A lot of traders have difficulty taking the next step and trading bigger positions. Some find it hard to risk wiping out the small profits they’ve worked hard for in the last couple of months, while some just can’t stomach risking bigger positions.
Taking on more risk definitely has its perks. But be warned… While it can give you bigger wins, increasing your risk can just as easily magnify your losses and wipe out your entire account.
To avoid the pitfalls of big trading, I’m sharing three simple tips to guide you with increasing your risk:
1. Make sure you’re in the green
Don’t even think about increasing your risk if you’re not consistently profitable with trading small. If you can’t successfully trade small forex positions, what makes you think you’re gonna have any luck trading bigger ones?
If you think and feel that you’re ready but your account is still in the red, concentrate on pulling it back in the green first. That’s what demo and small accounts are for anyway.
Keep trading small positions until your performance justifies trading bigger. After all, you don’t want to compound your losses with bigger position sizes.
2. Take it slow and steady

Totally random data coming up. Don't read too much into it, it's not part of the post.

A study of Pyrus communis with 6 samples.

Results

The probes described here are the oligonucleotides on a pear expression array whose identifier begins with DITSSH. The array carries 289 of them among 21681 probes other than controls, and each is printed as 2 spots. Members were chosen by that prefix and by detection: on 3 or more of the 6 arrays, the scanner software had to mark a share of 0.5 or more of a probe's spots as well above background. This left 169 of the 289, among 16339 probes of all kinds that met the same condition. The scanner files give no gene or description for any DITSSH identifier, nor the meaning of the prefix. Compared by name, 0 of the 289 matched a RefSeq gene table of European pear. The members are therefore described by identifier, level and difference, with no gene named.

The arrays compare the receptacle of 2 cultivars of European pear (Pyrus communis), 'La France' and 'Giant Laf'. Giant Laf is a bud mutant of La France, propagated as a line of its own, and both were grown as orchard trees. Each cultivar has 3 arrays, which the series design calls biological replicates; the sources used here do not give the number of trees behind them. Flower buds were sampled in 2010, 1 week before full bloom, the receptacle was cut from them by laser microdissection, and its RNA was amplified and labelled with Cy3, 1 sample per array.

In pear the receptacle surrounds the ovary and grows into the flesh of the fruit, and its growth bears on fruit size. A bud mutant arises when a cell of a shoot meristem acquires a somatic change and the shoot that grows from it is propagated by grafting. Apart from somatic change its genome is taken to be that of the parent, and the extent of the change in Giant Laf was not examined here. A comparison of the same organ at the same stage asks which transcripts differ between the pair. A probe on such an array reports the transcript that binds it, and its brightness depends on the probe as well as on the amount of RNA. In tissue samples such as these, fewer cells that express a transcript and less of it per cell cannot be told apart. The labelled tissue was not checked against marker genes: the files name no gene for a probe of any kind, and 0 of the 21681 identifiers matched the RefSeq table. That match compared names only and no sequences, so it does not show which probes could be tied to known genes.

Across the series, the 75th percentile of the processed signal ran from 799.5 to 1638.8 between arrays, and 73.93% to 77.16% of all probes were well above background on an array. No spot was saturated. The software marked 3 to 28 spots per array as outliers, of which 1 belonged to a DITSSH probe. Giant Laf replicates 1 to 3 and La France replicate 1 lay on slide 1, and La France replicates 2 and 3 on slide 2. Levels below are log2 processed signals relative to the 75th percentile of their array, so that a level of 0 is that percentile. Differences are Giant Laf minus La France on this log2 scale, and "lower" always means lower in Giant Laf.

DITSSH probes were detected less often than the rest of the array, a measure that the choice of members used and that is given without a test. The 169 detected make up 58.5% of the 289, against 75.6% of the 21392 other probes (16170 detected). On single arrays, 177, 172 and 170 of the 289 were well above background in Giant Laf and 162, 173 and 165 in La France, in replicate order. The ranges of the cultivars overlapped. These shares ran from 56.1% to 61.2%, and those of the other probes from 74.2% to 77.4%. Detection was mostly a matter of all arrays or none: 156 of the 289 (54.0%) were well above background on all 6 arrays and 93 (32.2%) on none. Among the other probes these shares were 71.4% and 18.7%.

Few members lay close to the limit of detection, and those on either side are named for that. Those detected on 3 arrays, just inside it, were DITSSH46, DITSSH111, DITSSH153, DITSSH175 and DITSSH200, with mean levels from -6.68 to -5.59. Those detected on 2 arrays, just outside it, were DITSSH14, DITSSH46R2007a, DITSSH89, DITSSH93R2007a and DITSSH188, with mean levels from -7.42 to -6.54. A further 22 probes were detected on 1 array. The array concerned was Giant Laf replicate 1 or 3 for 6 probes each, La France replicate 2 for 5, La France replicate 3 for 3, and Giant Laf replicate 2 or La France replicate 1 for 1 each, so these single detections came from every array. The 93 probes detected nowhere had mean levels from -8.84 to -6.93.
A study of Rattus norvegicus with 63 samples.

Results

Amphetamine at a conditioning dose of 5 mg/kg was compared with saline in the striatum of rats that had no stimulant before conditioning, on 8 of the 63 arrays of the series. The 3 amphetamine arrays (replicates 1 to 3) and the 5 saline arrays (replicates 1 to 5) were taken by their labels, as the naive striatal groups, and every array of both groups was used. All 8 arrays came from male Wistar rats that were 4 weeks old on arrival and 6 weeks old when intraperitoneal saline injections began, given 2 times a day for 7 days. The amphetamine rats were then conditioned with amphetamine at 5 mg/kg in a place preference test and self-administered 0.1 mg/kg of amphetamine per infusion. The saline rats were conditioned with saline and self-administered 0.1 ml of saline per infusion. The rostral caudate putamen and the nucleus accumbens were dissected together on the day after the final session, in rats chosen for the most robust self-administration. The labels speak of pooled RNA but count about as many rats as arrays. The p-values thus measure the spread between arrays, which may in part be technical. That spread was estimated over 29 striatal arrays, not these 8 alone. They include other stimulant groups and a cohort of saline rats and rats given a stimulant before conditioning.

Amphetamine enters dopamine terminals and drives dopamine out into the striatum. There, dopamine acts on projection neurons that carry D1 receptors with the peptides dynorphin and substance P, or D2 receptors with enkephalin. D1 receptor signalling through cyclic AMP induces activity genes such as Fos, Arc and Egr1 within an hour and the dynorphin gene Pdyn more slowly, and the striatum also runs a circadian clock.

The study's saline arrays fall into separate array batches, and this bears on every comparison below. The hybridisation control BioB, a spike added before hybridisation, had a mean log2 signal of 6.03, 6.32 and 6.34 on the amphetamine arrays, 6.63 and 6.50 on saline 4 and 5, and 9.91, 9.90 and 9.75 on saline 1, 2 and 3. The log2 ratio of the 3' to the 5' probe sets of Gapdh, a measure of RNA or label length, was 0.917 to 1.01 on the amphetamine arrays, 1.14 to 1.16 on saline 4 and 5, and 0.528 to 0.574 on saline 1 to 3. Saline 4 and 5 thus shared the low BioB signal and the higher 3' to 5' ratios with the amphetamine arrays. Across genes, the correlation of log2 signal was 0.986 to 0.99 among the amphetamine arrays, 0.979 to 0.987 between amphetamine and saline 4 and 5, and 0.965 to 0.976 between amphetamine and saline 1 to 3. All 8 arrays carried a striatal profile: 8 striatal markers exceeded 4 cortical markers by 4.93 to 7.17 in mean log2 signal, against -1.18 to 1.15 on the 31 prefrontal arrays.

Just as you wouldn’t rush to fighting elite world champions after just learning how to box, you shouldn’t rush yourself into increasing your trading size. You don’t want to bite off more than you can chew, do you?
Taking a gradual approach towards increasing your forex position sizes is the key to becoming comfortable with taking a larger risk. If you’re not completely comfortable with the amount of risk you’re taking, chances are, it’ll show on your account balance.
So rather than make one big leap, go for small, steady increases. It’s less likely to have an adverse effect on your trading mindset, and it’ll allow you to adjust to larger risks more smoothly.
3. Focus on percentages rather than dollar amounts
I’ll let you in on a little trading secret that’ll help you adjust to larger trading sizes:
Focus on percentages rather than dollar amounts.
Risking 1% on a $10,000 account is the same as risking $100.
On the other hand, risking 1% on a $100,000 account is equivalent to risking $1,000. So you see, by risking the same percentage on a larger account, you’re basically trading larger.
It also helps to put profits and losses in the proper perspective when you focus on percentages. Losing 1% on a $100,000 account won’t feel too different from losing 1% on a $10,000 account. But when you put it in raw dollar terms ($1,000 versus $100), it’s a lot harder to stomach.
So there you have it, folks!
You should be able to transition to trading bigger trading positions without a hitch if you take it slow and steady, and focus on percentages rather than dollar amounts. But above all, don’t make the mistake of increasing your risk if you’re not yet consistently profitable trading small.